Alghero – Image courtesy of angedras.it
Top attractions in Sardinia
Sardinia offers a choice of must-see attractions for inquisitive couples celebrating a honeymoon or romantic getaway, including:
Cagliari Old Town
Stroll through the maze of ancient alleyways surrounded by huge defensive stonewalls, in Cagliari's historic Castello Quarter, the most atmospheric part of town. Climb to the top of the Torre San Pancrazio, which was built in 1305 and offers panoramic views over the city and its bay.
Visit the 13th century Cattedrale, with its magnificent carved pulpits illustrating the life of Christ, the ornate 17th century baroque tomb of Martin II of Aragon and Marie-Josephine of Savoy, the wife of Louis XVIII of France.
Admire archaeological artefacts at the Museo Archeologico Nazionale, including a series of bronze statuettes dating back to 1200 BC and Sardinia's Nuraghic people, as well as those from the Phoenician, Carthaginian and Roman eras.
See remains of the 2nd century Anfiteatro Romano, Sardinia’s largest Roman ruin, then stroll among more than 500 species of Mediterranean and tropical plants in one of Italy's most famous botanical gardens – the Orto Botanico.
Don’t miss the 5th century Basilica di San Saturnino (Church of San Saturno), Sardinia's oldest church, located to the east of the old town in Piazza di San Cosimo.
Stroll the ancient remains of Sardinia’s oldest city, founded by the Phoenicians then occupied in turn by the Carthaginians and the Romans. See the Roman theatre, the Temple of Tanit, ancient roads and baths with some well-preserved mosaics.
Also view the 11th century church of Sant'Efisio and a 16th century watchtower. Then unwind on the golden-sand beach and swim in the crystal clear water. Nora is located 3km south of Pula and 28km southwest of Cagliari, around 30 minutes by bus or car.
Wander the ancient narrow streets of Sardinia’s most beautiful town, lined with ramparts, towers, palaces and churches in the old town or Città Vecchia, which was built on a rocky ledge above the sea by its former Spanish occupiers.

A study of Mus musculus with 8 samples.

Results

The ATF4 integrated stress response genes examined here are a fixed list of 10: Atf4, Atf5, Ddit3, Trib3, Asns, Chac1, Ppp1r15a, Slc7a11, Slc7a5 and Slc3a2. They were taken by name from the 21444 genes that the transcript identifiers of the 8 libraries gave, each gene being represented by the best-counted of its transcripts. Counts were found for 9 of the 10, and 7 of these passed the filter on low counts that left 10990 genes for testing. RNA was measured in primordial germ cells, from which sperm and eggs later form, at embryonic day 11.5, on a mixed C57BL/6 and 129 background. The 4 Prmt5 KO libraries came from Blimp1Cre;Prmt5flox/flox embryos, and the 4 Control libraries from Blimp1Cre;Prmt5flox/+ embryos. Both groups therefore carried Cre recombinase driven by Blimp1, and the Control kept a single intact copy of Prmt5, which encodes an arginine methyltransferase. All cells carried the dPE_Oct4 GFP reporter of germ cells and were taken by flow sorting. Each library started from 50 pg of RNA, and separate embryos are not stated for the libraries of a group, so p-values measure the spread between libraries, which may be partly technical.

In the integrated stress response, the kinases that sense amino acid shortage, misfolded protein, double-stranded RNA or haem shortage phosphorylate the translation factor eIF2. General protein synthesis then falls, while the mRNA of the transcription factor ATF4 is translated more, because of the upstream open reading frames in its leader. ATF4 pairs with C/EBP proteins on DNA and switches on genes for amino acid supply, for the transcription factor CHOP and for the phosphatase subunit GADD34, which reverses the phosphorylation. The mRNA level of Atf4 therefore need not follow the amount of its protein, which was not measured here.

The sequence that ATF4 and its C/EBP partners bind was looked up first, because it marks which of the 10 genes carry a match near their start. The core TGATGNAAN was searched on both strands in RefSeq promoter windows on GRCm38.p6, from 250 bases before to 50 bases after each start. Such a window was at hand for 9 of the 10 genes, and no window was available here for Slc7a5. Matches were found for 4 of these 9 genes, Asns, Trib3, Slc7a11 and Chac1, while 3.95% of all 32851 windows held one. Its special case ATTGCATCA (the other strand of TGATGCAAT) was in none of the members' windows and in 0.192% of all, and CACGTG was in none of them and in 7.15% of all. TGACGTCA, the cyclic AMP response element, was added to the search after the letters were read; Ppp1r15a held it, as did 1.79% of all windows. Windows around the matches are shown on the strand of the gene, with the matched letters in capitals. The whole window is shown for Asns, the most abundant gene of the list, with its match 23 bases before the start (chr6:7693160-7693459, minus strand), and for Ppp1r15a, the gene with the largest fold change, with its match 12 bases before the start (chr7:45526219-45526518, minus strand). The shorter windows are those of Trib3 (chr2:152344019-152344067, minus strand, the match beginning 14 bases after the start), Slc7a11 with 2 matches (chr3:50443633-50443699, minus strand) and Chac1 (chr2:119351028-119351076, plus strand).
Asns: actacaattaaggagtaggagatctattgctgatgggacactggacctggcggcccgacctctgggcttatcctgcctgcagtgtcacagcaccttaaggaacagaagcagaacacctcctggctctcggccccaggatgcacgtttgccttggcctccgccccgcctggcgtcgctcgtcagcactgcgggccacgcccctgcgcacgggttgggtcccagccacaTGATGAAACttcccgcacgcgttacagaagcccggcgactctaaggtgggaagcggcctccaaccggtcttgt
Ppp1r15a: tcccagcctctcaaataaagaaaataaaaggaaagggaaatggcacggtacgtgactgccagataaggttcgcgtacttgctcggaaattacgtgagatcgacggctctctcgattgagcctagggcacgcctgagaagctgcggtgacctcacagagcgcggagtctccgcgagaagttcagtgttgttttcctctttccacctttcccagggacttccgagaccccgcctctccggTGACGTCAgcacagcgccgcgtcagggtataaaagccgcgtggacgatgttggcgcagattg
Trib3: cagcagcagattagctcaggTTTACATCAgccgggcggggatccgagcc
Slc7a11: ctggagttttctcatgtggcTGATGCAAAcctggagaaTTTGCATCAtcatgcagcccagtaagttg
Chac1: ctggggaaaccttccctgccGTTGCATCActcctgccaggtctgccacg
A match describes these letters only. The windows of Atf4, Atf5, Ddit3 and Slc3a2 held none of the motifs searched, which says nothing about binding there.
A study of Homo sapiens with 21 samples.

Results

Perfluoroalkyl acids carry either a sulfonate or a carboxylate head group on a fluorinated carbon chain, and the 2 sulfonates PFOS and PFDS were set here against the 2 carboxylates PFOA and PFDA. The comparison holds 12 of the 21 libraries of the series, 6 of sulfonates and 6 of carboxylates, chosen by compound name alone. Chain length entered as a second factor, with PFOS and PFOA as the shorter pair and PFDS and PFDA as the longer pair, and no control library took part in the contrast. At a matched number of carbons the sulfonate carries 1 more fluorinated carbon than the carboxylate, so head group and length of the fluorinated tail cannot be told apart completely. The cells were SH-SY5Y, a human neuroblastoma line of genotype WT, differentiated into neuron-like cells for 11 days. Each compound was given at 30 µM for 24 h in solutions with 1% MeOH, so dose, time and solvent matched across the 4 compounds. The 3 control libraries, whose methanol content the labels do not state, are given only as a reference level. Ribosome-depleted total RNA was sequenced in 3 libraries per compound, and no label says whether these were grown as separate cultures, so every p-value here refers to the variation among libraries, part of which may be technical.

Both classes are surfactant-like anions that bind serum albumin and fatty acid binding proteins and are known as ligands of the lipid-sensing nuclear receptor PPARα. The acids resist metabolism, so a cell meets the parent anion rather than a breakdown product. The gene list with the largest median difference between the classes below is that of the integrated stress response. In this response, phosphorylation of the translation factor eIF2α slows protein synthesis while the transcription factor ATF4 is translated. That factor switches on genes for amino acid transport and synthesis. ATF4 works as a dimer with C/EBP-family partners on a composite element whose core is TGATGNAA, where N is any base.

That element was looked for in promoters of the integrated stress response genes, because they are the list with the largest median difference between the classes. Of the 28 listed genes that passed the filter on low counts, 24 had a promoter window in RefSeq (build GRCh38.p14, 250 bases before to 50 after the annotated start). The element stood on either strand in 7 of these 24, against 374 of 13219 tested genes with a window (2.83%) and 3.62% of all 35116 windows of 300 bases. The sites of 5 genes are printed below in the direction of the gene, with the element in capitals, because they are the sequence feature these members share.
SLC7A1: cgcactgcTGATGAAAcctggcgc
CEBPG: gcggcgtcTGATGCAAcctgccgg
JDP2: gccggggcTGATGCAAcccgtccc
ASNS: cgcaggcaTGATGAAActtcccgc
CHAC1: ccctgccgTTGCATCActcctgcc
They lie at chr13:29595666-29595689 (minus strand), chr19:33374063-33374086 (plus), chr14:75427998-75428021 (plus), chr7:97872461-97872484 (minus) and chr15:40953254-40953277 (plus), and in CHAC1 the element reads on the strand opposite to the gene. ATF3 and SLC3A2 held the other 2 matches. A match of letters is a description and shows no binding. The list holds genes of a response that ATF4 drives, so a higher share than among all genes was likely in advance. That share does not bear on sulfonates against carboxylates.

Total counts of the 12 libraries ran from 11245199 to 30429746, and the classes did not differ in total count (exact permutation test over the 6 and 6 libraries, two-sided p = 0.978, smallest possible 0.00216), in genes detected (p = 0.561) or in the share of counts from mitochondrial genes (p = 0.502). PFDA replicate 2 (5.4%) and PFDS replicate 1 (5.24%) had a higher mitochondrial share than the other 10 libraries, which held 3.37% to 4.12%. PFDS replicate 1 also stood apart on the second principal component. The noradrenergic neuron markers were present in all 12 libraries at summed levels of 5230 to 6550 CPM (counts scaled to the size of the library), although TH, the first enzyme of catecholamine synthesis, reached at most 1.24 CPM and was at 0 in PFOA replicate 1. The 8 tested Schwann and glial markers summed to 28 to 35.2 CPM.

Pop into the Cattedrale di Santa Maria, an impressive example of Catalan architecture, and the Chiesa di San Franceso, which dates from the 14th century.
Later, unwind on the golden sands of Alghero’s 5km-long beach or head to the Grotta di Nettuno (Neptune’s Cave), one of Sardinia’s greatest natural attractions, accessed by boat or on foot by descending 654 steps down the cliff face. The immense cavern is filled with a collection of small lakes and a forest of stalactites. Alghero is located on the northwest coast, around 229km from Cagliari.
Discover a collection of some 50 prehistoric stone-built dwellings that date back to the 14th century BC. Marvel at the beehive-shaped central tower and the ruins of a palace built by the Nuragic people, a civilisation that produced the most advanced architecture of this period in the western Mediterranean. Nuraghe Palmavera is located 12km from Alghero.
Su Nuraxi Barumini
Stroll around the remains of the largest and most famous of Sardinia's nuraghic complexes, dating from around 1500 BC. Marvel at the partially collapsed 15m-high tower and its outer defences and chambers connected by alleyways and stone staircases.
The well-preserved remains were only discovered after a torrential rainstorm washed away earth from the slopes in 1949. This fascinating site is located 1km from the village of Barumini, around 50km north of Cagliari.
Feast your eyes on one of Sardinia’s most spectacular festivals, a three-day event that includes horseback parades, masked participants, lavish costumes, medieval pageantry trials of equestrian prowess climaxing in a joust, when galloping contestants attempt to lance a ring (or sartiglia), suspended in the air. Oristano's flamboyant Sa Sartiglia festival ends on Shrove Tuesday.